Learn about how this is an intermediate course that uses the principles of time management fundamentals.
- This course is designed to be a direct companion to Time Management Fundamentals. That course teaches you the principles for completing work with the greatest amount of focus in the least amount of time. Now, we'll put those principles into action using Microsoft Office apps as our primary tools. Because of that, I would consider this an intermediate or supplementary course. If you've not yet completed Time Management Fundamentals, I recommend that you do that first.
Then, return to this course afterward to gain greater mastery of those principles while using Microsoft Office. During this course, we'll primarily be using the web version of Office 365's Outlook for email and calendar. And the online version of OneNote for gathering and the web and desktop versions of OneDrive for homes, or long-term digital storage. We'll also briefly look at the mobile versions of these apps, as well.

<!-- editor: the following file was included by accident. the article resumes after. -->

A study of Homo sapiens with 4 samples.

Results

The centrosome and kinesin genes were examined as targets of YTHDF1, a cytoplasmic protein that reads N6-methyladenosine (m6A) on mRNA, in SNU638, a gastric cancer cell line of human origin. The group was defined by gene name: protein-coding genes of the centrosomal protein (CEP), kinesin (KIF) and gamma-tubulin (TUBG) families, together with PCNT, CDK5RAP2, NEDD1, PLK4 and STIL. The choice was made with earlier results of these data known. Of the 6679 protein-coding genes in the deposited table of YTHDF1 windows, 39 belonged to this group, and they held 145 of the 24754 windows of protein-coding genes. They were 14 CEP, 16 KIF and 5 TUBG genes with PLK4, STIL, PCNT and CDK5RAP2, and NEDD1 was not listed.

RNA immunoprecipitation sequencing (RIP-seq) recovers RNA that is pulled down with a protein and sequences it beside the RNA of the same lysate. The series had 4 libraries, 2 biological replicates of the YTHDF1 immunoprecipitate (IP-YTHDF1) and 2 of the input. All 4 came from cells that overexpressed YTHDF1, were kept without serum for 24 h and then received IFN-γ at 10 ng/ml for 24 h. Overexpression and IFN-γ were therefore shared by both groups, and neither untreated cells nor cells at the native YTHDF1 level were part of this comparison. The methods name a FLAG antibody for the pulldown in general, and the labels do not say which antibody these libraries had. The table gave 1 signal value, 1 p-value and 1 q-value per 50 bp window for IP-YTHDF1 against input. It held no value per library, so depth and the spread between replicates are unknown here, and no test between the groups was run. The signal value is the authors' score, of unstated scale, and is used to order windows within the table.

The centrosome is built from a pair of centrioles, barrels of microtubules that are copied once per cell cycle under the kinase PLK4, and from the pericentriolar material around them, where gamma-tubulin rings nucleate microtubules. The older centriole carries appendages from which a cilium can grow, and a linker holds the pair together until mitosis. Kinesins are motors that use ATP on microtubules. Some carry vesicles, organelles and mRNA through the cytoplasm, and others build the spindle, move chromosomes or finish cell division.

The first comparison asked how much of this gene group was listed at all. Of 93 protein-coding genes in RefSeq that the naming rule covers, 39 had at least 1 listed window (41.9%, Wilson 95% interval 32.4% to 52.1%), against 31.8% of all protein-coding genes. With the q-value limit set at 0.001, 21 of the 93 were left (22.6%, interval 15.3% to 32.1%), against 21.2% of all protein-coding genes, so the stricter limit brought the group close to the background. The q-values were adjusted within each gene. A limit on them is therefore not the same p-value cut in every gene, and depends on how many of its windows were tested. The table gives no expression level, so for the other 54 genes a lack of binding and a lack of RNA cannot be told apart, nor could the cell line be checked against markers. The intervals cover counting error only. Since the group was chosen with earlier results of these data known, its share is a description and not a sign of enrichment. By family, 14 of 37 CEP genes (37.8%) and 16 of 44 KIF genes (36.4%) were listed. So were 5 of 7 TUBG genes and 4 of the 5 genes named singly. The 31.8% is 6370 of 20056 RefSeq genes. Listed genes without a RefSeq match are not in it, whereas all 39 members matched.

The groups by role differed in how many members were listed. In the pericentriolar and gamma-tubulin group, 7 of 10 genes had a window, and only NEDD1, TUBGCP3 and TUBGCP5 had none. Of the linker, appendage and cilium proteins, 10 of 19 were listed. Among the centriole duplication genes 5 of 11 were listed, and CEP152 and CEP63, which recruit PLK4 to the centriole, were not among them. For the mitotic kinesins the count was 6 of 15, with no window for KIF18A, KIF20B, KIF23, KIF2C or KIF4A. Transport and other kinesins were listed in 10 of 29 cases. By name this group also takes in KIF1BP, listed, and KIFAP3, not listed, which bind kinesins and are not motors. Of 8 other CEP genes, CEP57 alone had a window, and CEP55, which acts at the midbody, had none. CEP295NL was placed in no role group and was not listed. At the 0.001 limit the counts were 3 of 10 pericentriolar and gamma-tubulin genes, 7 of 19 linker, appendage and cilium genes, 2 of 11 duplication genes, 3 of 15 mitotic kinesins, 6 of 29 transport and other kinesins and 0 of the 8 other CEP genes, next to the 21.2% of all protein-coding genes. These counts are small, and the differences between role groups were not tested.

These are the versions I've found to be most compatible with Time Management Fundamentals. They are also universal, regardless of the operating system and browser that you use. Microsoft Office is ever-improving so you may notice subtle differences in the way things are set up in this course. However, the principles still apply. If you need help, you can always refer to the most current courses for the year and version of the Microsoft app you're using.
Our goal is not to make you an expert in Microsoft apps, rather it is to make you an expert in time management while using Microsoft apps as the tool. Let's get started.
- Recall why it is recommended to move your reading pane to the bottom of the screen in Outlook.
- Name the recommended amount of sections to have for your OneNote notes.
- Recognize questions that should not be asked when processing an email.
- List the correct steps for creating an email rule.
- Identify what should be used as a gathering point.
- Recall the benefits of repetition.